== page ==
Randall Forsyth pens the "Up and Down Wall Street" column in this week's Barron's, and gets around (scroll down) to General Motors (GM/NYSE). He notes that GM stock has fallen about one-third since Barron's recommended the shares in a cover story earlier this month. For those of us holding even longer, the performance is even worse -- GM stock is down about 70% from its peak of $43.20 last fall.
When I launched this blog in 2005 and recommended GM common, Barron's was cautious on the stock but liked GM bonds. Forsyth writes in the current issue that they are still favorable on the common stock, yet once again offers up the bonds for consideration:
For instance, the 7.25% senior notes due Feb. 15, 2052 (RGM), closed Friday at $12.30, a nickel more than half their par value of $25. At that price, the notes pay a current yield of 14.74% and a yield to maturity of 14.78%, reflecting their junk rating of single-B by S&P.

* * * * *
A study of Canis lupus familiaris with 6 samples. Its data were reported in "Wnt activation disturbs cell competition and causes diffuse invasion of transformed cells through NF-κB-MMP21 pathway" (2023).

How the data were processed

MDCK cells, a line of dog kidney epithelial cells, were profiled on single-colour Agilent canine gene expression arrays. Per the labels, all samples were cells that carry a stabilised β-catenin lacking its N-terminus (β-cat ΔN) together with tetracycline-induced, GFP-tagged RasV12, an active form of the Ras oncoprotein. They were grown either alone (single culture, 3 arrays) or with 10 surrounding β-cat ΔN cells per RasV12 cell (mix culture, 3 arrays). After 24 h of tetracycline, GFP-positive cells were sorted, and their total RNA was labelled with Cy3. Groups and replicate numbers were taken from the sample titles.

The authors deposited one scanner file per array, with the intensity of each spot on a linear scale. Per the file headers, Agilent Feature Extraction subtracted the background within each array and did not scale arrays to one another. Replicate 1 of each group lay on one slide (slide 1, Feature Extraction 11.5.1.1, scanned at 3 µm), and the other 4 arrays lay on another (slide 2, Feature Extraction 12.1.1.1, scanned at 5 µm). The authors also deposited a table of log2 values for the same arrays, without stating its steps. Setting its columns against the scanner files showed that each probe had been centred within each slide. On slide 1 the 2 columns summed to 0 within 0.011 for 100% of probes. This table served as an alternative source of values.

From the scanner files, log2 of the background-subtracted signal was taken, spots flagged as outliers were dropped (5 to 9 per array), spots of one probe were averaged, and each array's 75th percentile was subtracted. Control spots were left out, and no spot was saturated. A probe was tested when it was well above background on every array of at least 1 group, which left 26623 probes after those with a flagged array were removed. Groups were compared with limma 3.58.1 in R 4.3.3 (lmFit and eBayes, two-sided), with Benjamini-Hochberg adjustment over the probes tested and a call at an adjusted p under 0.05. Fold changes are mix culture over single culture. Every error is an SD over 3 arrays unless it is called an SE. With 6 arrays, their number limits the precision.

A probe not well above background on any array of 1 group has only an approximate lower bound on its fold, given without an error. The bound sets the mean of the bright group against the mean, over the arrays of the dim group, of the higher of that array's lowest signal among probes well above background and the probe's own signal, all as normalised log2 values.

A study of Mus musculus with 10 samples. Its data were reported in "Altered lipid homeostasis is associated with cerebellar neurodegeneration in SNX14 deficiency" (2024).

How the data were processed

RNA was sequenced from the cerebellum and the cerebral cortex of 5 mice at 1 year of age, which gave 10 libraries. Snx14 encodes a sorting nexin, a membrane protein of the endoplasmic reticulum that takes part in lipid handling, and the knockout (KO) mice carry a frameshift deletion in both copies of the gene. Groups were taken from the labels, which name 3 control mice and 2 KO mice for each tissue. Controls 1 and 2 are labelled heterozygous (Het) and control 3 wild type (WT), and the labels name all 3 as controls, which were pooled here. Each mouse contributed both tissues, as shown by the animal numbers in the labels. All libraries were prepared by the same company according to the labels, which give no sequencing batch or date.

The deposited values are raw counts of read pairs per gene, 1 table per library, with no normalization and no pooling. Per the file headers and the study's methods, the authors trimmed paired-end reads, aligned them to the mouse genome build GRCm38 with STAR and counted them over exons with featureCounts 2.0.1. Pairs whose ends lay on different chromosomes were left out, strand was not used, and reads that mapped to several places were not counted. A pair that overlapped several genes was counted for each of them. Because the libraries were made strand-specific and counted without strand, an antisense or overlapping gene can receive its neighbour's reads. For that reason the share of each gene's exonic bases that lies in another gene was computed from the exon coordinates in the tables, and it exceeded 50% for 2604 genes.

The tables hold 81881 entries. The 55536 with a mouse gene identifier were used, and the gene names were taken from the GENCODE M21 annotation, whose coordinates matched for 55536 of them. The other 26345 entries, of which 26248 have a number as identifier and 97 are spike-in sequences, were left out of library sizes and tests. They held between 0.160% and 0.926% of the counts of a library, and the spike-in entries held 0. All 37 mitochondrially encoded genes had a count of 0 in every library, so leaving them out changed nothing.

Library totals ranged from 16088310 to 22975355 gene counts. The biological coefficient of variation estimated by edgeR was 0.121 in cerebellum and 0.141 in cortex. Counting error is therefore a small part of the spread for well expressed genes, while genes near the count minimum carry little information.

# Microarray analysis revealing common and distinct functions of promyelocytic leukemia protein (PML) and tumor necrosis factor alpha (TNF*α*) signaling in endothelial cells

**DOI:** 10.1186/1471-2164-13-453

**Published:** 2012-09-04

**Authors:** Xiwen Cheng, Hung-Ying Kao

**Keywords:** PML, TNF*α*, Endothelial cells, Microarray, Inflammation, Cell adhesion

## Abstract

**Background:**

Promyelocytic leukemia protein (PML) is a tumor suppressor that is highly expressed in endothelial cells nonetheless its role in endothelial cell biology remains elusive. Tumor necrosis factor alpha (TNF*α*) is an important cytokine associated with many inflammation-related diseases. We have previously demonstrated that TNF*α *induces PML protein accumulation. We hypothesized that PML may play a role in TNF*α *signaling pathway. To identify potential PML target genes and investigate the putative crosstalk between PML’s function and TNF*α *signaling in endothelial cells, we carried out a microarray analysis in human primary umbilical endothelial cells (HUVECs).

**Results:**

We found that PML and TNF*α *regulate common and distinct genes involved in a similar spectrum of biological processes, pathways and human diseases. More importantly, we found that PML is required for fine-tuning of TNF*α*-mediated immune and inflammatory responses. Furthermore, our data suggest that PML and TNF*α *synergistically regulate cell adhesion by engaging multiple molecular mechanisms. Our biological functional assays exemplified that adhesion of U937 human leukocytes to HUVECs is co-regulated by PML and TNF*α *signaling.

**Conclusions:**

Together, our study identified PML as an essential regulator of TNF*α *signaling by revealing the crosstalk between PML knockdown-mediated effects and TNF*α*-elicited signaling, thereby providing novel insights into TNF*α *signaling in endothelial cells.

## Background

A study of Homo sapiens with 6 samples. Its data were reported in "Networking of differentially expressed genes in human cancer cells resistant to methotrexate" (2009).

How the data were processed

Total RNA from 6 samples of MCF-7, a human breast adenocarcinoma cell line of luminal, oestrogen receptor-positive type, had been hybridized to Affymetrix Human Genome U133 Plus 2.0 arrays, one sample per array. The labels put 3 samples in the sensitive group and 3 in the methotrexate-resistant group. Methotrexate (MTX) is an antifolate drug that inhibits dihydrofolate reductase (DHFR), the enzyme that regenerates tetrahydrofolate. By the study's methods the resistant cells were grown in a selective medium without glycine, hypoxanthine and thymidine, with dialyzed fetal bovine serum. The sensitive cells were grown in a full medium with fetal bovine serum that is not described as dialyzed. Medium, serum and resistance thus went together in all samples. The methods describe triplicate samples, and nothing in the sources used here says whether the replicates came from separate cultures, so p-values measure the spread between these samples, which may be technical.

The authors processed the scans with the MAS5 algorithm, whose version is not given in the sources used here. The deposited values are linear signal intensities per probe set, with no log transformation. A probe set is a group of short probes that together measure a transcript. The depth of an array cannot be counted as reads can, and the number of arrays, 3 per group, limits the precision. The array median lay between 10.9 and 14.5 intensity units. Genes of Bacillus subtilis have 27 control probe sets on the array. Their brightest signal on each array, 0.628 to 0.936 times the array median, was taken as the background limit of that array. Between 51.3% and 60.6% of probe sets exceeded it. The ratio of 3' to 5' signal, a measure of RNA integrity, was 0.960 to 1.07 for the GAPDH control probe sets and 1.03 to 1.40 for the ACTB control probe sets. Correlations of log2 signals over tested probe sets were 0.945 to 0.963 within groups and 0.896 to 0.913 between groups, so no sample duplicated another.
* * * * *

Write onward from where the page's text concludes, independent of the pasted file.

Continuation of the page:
GM's convertibles provide both double-digit current yields and the potential of following in the wake of a recovery of the common. In the meantime, the 6.25% convert due July 15, 2033 (GPM), currently yields 11.78% and has a yield to maturity of 12.39%. In addition, investors have a put option allowing them to redeem them in 2018. Exercising that option would result in a yield to the put date of 15.92%, although GM then can redeem the converts either in cash or stock.
In either case, these debt securities would seem to provide a lower-risk way to play the revival of the auto maker. Of course, the common would give a bigger bang.
Exemplifying either patience and bravery, or foolishness and stupidity, I'm holding my entire stake and expecting the bigger bang. But it could end up a complete blow up. So do your due diligence before joining the Barron's editors and me in this investment vehicle.